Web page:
March is National Women’s History Month, and the theme for International Women’s Day this year is #PressforProgress. We met with some women in leadership at Egencia to get their thoughts on how they plan to accomplish their goals for the year ahead.
We constructed a series of four questions to investigate what is on the minds of a select few Egencia Travel Managers. In these questions, we covered: advice for young professionals starting their career, common workplace challenges women face today, and how they plan to action these ideas and arrive at progress.
Q: What advice do you have for young professionals early in their career?
A: “Be strong and steady. Always do what is best for you, despite distractions.” -Event, Meeting and Travel Planner.
Similar approaches emerged from our other travel managers included in this Q&A:
- Sweat the small stuff. As your career progresses over time, all the small stuff matters; interactions with co-workers, taking extra care to go that extra mile and jumping at every opportunity to learn.
- Learn as much as you can from women industry leaders. Global Travel Senior Manager at Tapestry, Rosemary Maloney emphasises that “networking is more than what you do on LinkedIn—it requires face-to-face interaction and relationship cultivation.”
- Be eager to take on as many opportunities as you can in your career. This will help guide you closer to your future dream job.
- Remain curious. Curiosity is another important factor in this equation. Stormy Smelcer, from First Horizon National Corporation believes that “curiosity can open doors and reveal new thought processes that will help expand your career. You never know what you can learn from someone else that is a transferable skill that will enhance the value proposition you bring to the table.”
Q: What is the biggest challenge for women in leadership, and what should your organisation/industry do to overcome this?
A: “It is difficult for women to take credit for accomplishments. It is okay to say ‘I’ instead of ‘we’. You can own your accomplishments without feeling like you are bragging.” -Smelcer
- More celebrations and recognition are in need to bring attention to women leaders in the business travel industry.
- Balancing family life and personal demands are challenges female leaders often face more often than men. Keeping this equilibrium intact is not an easy task.
- Observing the travel industry at large, it seems there are more men in leadership positions than women. That is why it is more important than ever to encourage opportunity and provide exposure to women in the travel industry.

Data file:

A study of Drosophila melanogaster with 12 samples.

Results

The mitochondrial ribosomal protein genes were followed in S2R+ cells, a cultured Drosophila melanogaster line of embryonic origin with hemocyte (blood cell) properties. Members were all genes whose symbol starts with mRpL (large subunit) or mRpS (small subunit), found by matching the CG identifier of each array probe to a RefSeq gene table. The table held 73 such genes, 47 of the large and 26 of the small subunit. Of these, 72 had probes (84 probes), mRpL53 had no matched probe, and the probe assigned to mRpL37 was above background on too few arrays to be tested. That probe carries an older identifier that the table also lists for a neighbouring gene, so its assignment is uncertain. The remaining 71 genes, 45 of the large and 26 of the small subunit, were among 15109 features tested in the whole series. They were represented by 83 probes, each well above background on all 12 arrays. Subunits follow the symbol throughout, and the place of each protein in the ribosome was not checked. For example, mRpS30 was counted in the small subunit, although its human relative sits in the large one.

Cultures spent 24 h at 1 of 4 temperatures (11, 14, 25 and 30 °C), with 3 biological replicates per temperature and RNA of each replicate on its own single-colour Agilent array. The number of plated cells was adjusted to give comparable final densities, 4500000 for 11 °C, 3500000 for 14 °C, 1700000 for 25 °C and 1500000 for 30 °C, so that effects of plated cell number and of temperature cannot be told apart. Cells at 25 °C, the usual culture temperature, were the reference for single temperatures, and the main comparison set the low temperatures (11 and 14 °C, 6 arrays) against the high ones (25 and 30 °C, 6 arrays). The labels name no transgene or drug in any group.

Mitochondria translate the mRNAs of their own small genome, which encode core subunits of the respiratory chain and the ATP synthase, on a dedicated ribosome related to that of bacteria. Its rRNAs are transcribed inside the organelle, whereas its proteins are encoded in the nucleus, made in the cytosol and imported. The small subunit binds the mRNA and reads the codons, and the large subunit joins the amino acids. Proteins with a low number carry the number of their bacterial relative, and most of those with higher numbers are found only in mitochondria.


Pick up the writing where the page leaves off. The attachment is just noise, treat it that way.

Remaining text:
- Companies who provide flexibility, such as working remotely, can make a huge difference when keeping up with responsibilities at work and at home.
- The biggest challenge to women in leadership is self-doubt. “A behavioural study has shown this best exemplified by the following example. There are five prerequisites for a job; a man has two of the five. He will still apply and talk his way into the interview. A woman will not apply unless she has all five.” -Maloney
Q: What does progress look like for you in 2018, in travel management and/or your own career?
A: “Progress in 2018 is getting the seat at the table, stopping the hierarchical nonsense that sometimes gets travel sidelined in a department or the company at large. Personally, it’s getting the global alignment on risk mitigation and meetings while increasing internal reporting for a growing company.” -Maloney
Other travel managers continue to seek progress by:
- Continuing to learn and set goals to help move their careers ahead this year.
- Enhancing solutions to improve travel experience and manage corporate travel.
- Providing better solutions to companies and enhanced experience for travellers.
- Managing what we can control and continuing to search for opportunities to reduce costs and improve efficiency to the overall programme.
Q: How are you going to press for progress?
A: “I will stay true to my brand and keep looking for opportunities for improvement and growth. It is easy to get discouraged with the amount of work that needs to be complete and the lack of available time. I will keep my sights on the value I can bring to the table and keep checking off my task list as the year progresses.” -Smelcer
- Encourage the team to take risks, recognise talent and use resources in a smarter way.
- Stimulate visibility and promote women leaders within the organisation.
- Hold vendors accountable. Continual evaluation of external vendors (such as through the RFP process) will encourage competition among vendors and bring in more wins for the travel programme.
At Egencia, we believe that gender balance drives stronger business results as we access the broadest talent pools, we have the strongest teams and we develop the best solutions for our balanced customer base. Read more about workplace diversity from Egencia here.
As a main takeaway, we will leave you with our favourite response: “I won’t compromise” – Egencia Travel Manager.
How will you press for progress this year?